Illinois Gov. Bruce Rauner is all for the state of Michigan’s offer to chip in $8 million for keeping invasive Asian carp out of the Great Lakes – with a caveat: he wants the money now, and he wants to spend it on his own terms.
Last week, Michigan Gov. Rick Synder sent Rauner a letter urging Illinois to to help pay for a nearly $800 million project to block Asian carp that have infested the Mississippi and Illinois rivers and pose a threat to the region’s fishing industry.
Snyder said Michigan would provide up to $8 million toward maintenance and operation costs for the project’s main goal: upgrading a lock and dam along the Des Plaines River in Joliet, which experts say is a good location to block the invasive fish before they reach Lake Michigan.
According to Rauner’s office, however, Illinois would not be able to apply any of the funding toward the project until 2028, when the upgrade is estimated to wrap up.
On Monday, Rauner wrote back to Snyder with a counteroffer: Michigan should make the funding available now so that Illinois can use it to enhance commercial fishing strategies designed to reduce the number of Asian carp before they approach the Great Lakes.
“While we respect your offer to provide $8 million toward operation and maintenance, this approach does not reflect the sense of urgency stressed in your letter,” Rauner said in his letter to Snyder, a fellow Republican also on his way out of office. “We do not believe it is appropriate – especially given our lame duck status – for us to accept funds and bind Illinois to a project that is not final, and whose true costs are years from being calculated.”
A number of states bordering the Great Lakes, including Illinois and Michigan, had agreed previously to consider cost-sharing for the project, known as the Brandon Road Study. But the funding formula became more unclear last month when the U.S. Army Corps of Engineers published a new feasibility report revealing that the cost of the project – initially estimated at $275 million – had ballooned to $778 million.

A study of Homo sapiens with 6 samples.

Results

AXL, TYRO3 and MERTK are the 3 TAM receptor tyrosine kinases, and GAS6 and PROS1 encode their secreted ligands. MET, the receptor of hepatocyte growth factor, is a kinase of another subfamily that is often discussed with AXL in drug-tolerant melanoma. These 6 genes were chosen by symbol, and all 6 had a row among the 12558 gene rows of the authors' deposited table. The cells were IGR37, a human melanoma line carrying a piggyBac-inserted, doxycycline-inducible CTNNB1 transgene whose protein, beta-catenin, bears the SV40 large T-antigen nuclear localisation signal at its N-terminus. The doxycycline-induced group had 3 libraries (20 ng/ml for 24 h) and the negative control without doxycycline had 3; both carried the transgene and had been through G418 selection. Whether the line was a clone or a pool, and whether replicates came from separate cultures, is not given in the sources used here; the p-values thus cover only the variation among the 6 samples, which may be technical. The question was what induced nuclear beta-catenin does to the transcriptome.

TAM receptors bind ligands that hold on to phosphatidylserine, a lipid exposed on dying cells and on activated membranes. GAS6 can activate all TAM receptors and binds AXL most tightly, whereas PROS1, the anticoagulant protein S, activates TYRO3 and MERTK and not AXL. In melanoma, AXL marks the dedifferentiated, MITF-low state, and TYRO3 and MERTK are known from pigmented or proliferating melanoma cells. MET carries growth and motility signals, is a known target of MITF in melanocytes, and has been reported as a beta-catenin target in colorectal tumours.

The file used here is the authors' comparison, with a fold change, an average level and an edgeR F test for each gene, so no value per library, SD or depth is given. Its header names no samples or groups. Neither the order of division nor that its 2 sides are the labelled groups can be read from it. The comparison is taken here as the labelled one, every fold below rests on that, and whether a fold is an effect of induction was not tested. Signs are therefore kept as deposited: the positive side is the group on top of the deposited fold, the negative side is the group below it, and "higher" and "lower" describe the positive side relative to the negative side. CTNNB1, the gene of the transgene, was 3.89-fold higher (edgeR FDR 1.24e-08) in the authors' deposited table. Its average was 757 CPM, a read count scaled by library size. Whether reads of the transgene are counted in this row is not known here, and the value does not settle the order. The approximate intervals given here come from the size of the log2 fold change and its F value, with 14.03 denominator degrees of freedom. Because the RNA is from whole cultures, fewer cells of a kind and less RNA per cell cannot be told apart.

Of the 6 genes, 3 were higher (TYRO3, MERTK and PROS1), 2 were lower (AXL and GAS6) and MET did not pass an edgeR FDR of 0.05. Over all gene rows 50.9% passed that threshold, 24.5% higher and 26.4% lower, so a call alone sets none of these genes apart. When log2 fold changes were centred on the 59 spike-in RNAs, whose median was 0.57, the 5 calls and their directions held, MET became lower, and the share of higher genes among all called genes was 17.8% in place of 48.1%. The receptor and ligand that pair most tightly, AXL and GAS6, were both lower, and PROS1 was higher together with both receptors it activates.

Given the possibility for additional changes before Congress is expected to authorize the plan sometime in 2019, Rauner said Snyder should let Illinois use the $8 million in funding now to more than double the state’s commercial fishing and monitoring efforts targeting Asian carp in the upper Illinois River system.
Spending the money in this way would immediately help Illinois deter Asian carp breeding and reduce populations of the fish more than 100 miles from Lake Michigan, Rauner said.
“Let’s act now by executing an intergovernmental agreement between our two states to make a momentous positive impact on the Asian Carp fight and ensure continued protection for the Great Lakes while additional measures at Brandon Road are engineered and designed,” Rauner said in his letter. “In the meantime, we will commit to you that we will encourage the incoming administration to seriously consider your fair-share funding formula, applied to both construction and operations and maintenance, after they are fully briefed on the issue and project.”
Rauner's successor, Gov.-elect J.B. Pritzker, reportedly asked for help with the Asian carp project last week in a meeting with President Donald Trump.
“The president didn’t seem to know anything about it,” Pritzker told the Sun-Times. “But he was very interested in helping and said that he would speak with the Army Corps of Engineers and work with our states to make sure that we’re addressing the problem.”